Finished lamb prices might be heading south as increased numbers come on the market, but with costs of production significantly less than last year and an abundance of grass for store lambs, there is a bit more optimism in the sector compared to beef.

Add to that a flying trade for ewes on the run up to the Muslim Qurbani festival – expected to start on August 21 – which requires sheep aged six months or more, with other preferences for ram lambs or undocked lambs – and flockmasters have that a wee bit more reason to be cheerful, despite the continued uncertainties of Brexit.

"Ewes are seriously dear for this time of year and are likely to continue to be a good trade for the next few weeks," said Archie Hamilton, head sheep auctioneer at Lawrie and Symington's Lanark market.

"Texel ewes were up to £156 per head on Monday at Lanark and that's selling three times more than what we sold this time last year," added Mr Hamilton who has just celebrated 52 weeks with the company.

"There is a strong demand for fit, not fat, ewes for the Qurbani festival on the home market, but there is also good demand for export-type lambs on the continent. Lambs in the 42-46kg range are selling best but we've also started selling light-weight lambs in the 30-36kg bracket at 175-180p per live kg for the Italian market.

And while lamb prices at Lanark were back slightly on the week, at 180p, Mr Hamilton was quick to point out they were 6p per live kg up on the year and for double the number sold compared to the same sale in 2018. Sheep throughputs have in fact increased by a massive 83,500 head since Mr Hamilton started at Lanark.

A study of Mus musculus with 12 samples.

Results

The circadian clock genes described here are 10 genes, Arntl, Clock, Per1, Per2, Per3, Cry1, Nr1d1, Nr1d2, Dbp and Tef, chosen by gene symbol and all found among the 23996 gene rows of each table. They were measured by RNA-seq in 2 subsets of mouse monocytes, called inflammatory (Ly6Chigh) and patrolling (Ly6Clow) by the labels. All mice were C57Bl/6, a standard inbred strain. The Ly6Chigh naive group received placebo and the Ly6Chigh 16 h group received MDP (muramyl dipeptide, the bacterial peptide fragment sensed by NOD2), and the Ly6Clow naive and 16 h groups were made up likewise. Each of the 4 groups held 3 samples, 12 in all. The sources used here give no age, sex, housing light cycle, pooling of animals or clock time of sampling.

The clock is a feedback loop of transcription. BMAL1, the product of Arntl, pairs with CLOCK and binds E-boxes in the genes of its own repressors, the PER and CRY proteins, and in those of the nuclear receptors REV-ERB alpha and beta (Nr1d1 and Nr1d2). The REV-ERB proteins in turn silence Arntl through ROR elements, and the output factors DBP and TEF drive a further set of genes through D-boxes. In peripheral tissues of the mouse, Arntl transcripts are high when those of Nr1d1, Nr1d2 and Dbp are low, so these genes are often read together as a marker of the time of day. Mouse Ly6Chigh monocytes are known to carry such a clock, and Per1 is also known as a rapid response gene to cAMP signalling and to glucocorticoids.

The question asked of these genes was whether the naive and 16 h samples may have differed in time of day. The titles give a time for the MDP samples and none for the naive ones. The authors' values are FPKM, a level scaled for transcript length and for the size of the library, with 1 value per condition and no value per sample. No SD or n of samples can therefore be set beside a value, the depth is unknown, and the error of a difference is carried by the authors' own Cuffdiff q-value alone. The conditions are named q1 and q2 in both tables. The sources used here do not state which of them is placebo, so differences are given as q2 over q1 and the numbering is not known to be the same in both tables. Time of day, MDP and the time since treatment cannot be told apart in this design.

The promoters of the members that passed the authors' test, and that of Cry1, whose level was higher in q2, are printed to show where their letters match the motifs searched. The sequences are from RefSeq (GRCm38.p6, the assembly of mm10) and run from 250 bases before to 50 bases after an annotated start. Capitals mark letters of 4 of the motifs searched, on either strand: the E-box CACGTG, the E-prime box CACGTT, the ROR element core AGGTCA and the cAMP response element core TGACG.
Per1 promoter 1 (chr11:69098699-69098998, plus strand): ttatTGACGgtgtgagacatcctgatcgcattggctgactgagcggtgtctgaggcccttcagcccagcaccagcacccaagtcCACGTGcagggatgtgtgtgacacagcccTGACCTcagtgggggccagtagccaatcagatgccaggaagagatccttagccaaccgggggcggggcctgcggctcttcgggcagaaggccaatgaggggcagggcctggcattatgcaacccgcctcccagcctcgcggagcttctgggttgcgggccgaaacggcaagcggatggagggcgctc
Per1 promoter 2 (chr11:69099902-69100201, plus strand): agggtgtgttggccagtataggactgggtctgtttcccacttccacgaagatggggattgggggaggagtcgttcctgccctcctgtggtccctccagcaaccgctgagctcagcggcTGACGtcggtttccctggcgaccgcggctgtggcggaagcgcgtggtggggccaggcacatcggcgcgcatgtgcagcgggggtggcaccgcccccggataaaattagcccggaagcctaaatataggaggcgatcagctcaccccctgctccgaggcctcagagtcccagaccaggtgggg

"We've lived with the uncertainty of Brexit for a good two years and while no-one knows what the end of October will bring, there is a shortage of sheep meat in Oceania and there are not the supplies in Europe there used to be.

"Farmers need some sort of livestock if they are to keep farming and the sheep sector is a lot more positive than beef and it's not governed by the processors either, with more now bringing their top end lambs to the market," added Mr Hamilton.

Drew Kennedy, auctioneer with Craig Wilson, also highlighted the improved market for ewes over the past couple of weeks, which at Ayr on Monday, saw a Texel cross at £106.50, while Blackies sold to £67.50. At Newton Stewart on Wednesday, ewes peaked at £123 for Texels.

And, despite the fact double the number of finished lambs are being cashed compared to the same time last year, values are very much on a par.

"We sold double the number of lambs during the month of June as lambs finished earlier and off grass compared to the same month last year," he said adding that input costs have also been significantly less compared to those of 2018.

"Ewes have had half the amount of feeding they had last year and most of the lambs have been finished off grass so farmers are prepared to accept a bit less for their lambs this year when they've not cost nearly as much to produce. They're also pretty happy to sell them at 41-44kg at £74-£75 per head rather than keep them for another few weeks when the price could be exactly the same or slip."

Mr Kennedy is also fairly confident for the store lamb sales with an abundance of grass throughout the length and breadth of the country.

"A lot of dairy farmers in this area alone will not need to get a third cut of silage because their first and second cuts were so big and with so much grass about, they will need lambs to graze it down," he added.

Alastair Logan, sheep auctioneer and operations manager at Caledonian Marts, Stirling, was also relatively optimistic for the forth coming sheep sales with ewe prices up £14 per head on the year and the overwhelming amount of grass which coupled with the early spring has bolstered daily liveweight gains in all types of livestock.

"Our finished lamb numbers are up 20% on the year with a lot less costs compared to last year," said Mr Logan. "The lamb trade is always a bit stale at this time of year, but there is a lot more optimism in the sector with the increase in the ewe trade, reduction in costs and the huge amount of grass about," concluded Mr Logan.